The engagement ring often appears to be a tradition as old as mankind itself. It's a sign of love that every woman expects to receive and every man expects to give. Whether it's diamond encrusted or a simple gold band, the engagement ring is a symbol that is as much a part of romance as the rose.
Where did it come from, though? The ring is a simple enough thing. Why, and where, did it become so closely entwined with the engagement?
Poetically enough, the origin of the engagement ring may be as romantic as any tale Shakespeare could contrive. The oldest known record of wedding bands is with the Egyptians, nearly five thousand years ago, when reeds were woven into rings and other ornaments for the women of those days. To the many of the ancient peoples, the circle was a symbol of eternity. Knowing this, could there be any more romantic a demonstration of love? No wonder that the ring has been a part of courtship for thousands of years!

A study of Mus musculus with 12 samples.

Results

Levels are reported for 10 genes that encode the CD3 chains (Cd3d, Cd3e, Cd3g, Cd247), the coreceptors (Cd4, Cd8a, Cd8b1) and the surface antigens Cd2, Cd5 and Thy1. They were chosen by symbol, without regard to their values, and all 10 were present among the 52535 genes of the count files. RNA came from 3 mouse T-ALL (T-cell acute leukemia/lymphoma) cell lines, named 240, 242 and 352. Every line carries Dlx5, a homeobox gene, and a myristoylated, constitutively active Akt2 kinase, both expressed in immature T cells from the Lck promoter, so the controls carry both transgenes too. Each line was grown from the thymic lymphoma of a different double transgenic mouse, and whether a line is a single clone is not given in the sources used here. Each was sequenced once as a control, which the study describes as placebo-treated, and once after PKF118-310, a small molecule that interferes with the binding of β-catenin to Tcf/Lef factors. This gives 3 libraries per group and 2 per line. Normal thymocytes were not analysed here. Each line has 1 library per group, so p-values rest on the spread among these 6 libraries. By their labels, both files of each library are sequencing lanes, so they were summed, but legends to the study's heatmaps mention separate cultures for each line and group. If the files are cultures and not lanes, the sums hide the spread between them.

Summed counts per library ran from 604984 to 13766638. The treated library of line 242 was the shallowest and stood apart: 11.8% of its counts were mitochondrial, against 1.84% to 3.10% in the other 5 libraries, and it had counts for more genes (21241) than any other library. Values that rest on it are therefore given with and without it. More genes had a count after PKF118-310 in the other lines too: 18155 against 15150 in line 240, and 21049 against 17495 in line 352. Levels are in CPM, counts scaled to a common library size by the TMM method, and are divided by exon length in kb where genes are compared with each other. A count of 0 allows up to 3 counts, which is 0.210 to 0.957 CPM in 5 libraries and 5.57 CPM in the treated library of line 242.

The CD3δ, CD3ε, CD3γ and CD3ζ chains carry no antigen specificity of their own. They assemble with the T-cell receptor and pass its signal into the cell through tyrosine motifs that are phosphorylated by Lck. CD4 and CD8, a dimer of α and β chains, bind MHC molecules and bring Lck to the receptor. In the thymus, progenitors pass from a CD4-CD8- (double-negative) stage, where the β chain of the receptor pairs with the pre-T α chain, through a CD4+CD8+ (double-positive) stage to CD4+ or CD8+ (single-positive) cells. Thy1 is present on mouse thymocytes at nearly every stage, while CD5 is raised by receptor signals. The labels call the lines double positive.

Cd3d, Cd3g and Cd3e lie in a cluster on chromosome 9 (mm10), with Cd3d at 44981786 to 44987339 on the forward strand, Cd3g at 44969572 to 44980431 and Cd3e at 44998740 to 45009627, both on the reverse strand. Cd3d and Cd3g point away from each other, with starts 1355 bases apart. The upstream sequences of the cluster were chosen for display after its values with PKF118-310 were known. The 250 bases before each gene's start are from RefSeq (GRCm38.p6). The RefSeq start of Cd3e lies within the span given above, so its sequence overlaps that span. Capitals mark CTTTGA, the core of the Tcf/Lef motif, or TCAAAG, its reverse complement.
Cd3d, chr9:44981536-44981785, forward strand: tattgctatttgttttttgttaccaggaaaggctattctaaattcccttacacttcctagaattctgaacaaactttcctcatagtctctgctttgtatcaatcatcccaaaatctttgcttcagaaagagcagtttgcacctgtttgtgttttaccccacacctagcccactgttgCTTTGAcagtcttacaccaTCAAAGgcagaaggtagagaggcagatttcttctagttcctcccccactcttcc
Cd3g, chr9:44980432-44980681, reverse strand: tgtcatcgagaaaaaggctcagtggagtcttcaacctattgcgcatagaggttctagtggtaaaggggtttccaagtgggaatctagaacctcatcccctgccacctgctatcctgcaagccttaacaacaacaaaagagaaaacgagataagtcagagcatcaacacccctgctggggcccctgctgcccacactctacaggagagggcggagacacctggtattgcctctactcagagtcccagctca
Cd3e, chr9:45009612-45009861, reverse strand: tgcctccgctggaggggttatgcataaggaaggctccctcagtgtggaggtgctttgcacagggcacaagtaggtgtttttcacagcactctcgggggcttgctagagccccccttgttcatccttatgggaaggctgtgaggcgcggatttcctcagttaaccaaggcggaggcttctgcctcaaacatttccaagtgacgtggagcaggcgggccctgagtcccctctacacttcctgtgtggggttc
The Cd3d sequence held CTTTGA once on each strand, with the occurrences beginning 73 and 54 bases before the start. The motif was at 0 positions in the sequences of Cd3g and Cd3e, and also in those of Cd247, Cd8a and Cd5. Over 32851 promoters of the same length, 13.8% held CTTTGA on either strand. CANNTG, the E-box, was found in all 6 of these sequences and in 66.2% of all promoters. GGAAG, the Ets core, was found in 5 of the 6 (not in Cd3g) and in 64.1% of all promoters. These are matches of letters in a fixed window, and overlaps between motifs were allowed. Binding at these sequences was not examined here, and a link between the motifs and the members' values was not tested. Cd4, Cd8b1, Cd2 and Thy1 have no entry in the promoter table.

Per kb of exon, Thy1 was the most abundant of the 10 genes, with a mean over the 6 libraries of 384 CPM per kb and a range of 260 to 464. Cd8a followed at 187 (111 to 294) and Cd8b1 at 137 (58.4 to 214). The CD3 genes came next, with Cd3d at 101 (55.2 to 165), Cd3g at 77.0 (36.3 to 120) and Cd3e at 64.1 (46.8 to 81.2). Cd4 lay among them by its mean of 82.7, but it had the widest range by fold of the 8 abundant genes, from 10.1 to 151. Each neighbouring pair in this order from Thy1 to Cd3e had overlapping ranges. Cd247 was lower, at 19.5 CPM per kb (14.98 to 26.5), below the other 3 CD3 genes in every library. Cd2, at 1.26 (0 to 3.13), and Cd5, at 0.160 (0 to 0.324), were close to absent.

It was not long before the material of which the ring exemplified the depth of love. The greater the sacrifice required to make or obtain the ring, the greater the love that went with it. The Romans, however, chose to make their rings from iron and are believed to have been the first to engrave them.
By the time Christians began to use rings in marriage, it was nearly 900 AD. They began to simplify the Roman ring, slowly diminishing the fanciful carvings. As one bishop put it, the simple design of the betrothal ring was a "symbol of the union of hearts." In later times, it was not unusual for engagement bands to have love poems inscribed on them. These, known as 'posy' rings, were popular even into the late Victorian era.
The first reliable account of a engagement ring being decorated with diamonds was in the late 1400s, when the Archduke of Austria, Maximilian, sealed his betrothal to Mary of Burgundy with a diamond. After this, diamond rings were often given to loved ones by the upper class. However, it was not until the Victorian era that the diamond engagement ring was frequently given in a proposal. While the diamond ring was less popular in the early 19th century, today they are worn throughout the US.
Engagement rings, regardless of their style and design, are a timeless display of betrothal. Their history is as old as civilization, yet each one is a symbol of new romance.